Annual Report: Kenya 2010

Report
May 28, 2010

Annual Report: Kenya 2010

Death penalty abolitionist in practice
Population 39.8 million
Life expectancy 53.6 years
Under-5 mortality (m/f) 112/95 per 1,000
Adult literacy 73.6 per cent

The authorities showed little political will to ensure that those responsible for human rights abuses committed during the post-election violence of 2007/8 were brought to justice and that victims received adequate reparations. Impunity for state security officials who carried out unlawful killings and torture was not addressed. Human rights defenders faced considerable risks and threats. Violence against women and girls remained widespread. Thousands of people were forcibly evicted from their homes. The President commuted to life imprisonment the sentences of more than 4,000 prisoners who had been on death row for prolonged periods. Courts continued to impose death sentences but there were no executions.

Background

The government introduced several measures recommended in agreements reached during the political mediation – the Kenya National Dialogue and Reconciliation – following the post-election violence of 2007/8. In February, a committee of experts was appointed to lead the process of redrafting and adopting a new Constitution. In November, the committee issued a draft Constitution for public comments. In April, the Interim Independent Electoral Review Commission was formed to oversee elections for two years until a permanent electoral body is established. In September, the government appointed members of the National Cohesion and Integration Commission mandated by a 2008 law to promote national integration. Overall, however, there was little progress in implementing fundamental reforms proposed under the agreements.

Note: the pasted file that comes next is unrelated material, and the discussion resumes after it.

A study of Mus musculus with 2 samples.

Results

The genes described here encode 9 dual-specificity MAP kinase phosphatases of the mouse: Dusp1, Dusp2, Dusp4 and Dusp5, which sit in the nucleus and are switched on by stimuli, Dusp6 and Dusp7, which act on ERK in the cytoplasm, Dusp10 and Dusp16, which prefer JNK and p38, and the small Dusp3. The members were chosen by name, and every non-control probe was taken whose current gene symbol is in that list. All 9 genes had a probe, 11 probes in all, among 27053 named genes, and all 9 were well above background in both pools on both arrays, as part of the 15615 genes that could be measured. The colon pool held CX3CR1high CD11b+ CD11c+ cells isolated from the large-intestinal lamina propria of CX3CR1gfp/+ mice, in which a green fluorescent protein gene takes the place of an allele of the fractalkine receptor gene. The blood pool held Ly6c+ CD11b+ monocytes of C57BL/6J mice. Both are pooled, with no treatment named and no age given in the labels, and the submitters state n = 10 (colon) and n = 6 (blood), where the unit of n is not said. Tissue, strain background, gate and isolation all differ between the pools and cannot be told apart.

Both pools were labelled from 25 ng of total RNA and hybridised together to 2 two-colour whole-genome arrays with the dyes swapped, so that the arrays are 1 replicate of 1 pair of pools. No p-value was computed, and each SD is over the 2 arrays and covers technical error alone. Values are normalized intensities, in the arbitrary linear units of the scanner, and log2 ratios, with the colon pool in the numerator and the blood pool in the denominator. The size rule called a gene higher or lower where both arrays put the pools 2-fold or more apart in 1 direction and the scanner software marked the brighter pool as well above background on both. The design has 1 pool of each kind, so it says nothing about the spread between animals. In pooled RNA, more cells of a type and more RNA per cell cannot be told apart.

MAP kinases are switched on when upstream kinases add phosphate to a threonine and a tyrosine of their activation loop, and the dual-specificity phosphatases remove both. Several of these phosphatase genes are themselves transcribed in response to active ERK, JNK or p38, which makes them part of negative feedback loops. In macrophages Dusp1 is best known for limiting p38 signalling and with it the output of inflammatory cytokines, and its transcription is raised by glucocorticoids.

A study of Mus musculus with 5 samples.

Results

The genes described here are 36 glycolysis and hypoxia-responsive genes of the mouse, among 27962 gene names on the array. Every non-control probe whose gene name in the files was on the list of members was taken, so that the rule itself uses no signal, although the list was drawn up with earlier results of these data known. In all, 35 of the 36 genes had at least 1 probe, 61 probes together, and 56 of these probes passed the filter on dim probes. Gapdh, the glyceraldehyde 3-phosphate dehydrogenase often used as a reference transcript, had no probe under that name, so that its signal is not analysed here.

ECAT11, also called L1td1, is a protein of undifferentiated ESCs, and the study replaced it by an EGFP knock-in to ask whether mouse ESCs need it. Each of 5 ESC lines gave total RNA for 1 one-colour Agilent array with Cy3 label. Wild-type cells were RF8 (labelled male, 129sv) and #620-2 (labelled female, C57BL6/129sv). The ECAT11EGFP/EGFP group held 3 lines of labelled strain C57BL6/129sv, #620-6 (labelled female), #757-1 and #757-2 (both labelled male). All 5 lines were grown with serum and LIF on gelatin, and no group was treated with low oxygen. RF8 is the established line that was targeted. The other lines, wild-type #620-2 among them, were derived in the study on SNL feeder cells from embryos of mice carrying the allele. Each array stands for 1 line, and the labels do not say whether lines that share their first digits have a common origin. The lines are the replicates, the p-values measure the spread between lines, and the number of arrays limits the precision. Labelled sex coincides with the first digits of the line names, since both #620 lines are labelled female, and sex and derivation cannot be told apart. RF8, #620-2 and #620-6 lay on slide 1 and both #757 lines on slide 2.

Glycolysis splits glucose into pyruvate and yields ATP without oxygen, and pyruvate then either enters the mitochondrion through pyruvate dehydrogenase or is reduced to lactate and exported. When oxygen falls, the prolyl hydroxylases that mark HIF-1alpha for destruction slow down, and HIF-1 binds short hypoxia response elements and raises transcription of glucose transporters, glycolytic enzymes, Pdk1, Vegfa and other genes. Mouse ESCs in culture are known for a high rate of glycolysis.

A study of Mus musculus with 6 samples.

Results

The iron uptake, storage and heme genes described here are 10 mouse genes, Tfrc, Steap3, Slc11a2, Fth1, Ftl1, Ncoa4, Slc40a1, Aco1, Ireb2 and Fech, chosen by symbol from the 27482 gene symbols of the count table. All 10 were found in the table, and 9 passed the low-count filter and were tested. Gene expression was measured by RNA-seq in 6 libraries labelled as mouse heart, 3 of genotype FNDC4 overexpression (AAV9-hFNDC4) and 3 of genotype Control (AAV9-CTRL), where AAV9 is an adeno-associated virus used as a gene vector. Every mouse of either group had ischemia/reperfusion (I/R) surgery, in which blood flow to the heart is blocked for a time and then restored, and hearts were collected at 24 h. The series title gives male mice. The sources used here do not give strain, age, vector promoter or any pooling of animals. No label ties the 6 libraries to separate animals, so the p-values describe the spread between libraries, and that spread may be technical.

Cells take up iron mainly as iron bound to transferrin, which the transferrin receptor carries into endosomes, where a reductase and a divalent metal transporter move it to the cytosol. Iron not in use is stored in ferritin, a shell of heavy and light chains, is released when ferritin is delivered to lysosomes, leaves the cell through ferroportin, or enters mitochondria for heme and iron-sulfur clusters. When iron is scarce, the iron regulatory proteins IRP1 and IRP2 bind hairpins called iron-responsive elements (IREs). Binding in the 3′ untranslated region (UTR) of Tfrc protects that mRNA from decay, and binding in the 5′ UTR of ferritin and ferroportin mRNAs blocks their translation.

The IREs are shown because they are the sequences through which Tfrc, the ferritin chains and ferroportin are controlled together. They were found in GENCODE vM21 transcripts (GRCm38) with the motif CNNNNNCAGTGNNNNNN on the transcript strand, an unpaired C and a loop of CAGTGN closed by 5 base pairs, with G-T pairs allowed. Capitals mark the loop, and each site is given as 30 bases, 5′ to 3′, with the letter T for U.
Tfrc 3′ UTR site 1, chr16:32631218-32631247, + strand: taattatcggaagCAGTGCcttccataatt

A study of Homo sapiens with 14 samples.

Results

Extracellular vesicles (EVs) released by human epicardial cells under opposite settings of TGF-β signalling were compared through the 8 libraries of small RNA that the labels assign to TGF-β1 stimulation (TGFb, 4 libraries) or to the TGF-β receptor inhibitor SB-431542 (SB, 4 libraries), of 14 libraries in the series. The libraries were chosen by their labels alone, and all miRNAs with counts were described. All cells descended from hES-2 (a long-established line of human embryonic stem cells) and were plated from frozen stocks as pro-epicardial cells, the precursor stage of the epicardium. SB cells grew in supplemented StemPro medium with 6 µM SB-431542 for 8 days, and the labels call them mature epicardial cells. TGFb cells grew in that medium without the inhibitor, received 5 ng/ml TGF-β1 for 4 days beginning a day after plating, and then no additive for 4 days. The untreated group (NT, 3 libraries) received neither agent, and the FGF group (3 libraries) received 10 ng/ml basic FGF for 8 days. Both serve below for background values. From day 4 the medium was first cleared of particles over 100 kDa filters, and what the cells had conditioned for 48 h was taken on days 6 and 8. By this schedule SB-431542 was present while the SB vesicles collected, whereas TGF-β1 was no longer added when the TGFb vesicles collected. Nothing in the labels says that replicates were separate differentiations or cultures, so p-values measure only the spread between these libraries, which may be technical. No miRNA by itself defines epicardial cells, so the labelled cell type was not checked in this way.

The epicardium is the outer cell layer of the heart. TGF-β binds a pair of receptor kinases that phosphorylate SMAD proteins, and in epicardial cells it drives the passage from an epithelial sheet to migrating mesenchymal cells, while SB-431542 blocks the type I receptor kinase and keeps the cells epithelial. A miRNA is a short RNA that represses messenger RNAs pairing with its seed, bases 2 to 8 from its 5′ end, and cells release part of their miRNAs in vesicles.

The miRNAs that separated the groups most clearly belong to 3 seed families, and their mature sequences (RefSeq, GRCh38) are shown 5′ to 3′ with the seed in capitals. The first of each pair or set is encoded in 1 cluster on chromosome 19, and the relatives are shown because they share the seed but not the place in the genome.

There were regular disagreements within government and between the two main political parties that formed the coalition government – the Party of National Unity and the Orange Democratic Movement. As a result, much-needed legal, constitutional, land, electoral and other reforms were delayed.

Dozens of people were killed in violence, particularly in central Kenya, involving armed community vigilante groups and members of the Mungiki vigilante group. The police failed to effectively enforce law and order.

Impunity – post-election human rights violations

No measures were implemented to ensure accountability for human rights violations, including possible crimes against humanity, committed during the post-election violence in 2007/8, when more than 1,000 people were killed.

In February Parliament rejected a Bill to establish a special tribunal to investigate and prosecute suspected perpetrators of these crimes. In July the cabinet rejected the tabling of a redrafted government version of the Bill. A private members' Bill seeking to establish a special tribunal was published in August and was pending in Parliament at the end of the year.

In July the government announced plans to use the truth, justice and reconciliation process and carry out "accelerated reforms of the judiciary, the police and the investigative arms of government" to deal with human rights abuses during the post-election violence, but no timeline was given.

In July, the Office of the Prosecutor of the International Criminal Court (ICC) reiterated to the government that primary responsibility for investigations and prosecutions into crimes that may fall within the jurisdiction of the ICC lies with Kenyan authorities. At the end of the year, an application by the ICC Prosecutor filed in November to the Pre-Trial Chamber to authorize an investigation into possible crimes against humanity during the post-election violence was pending.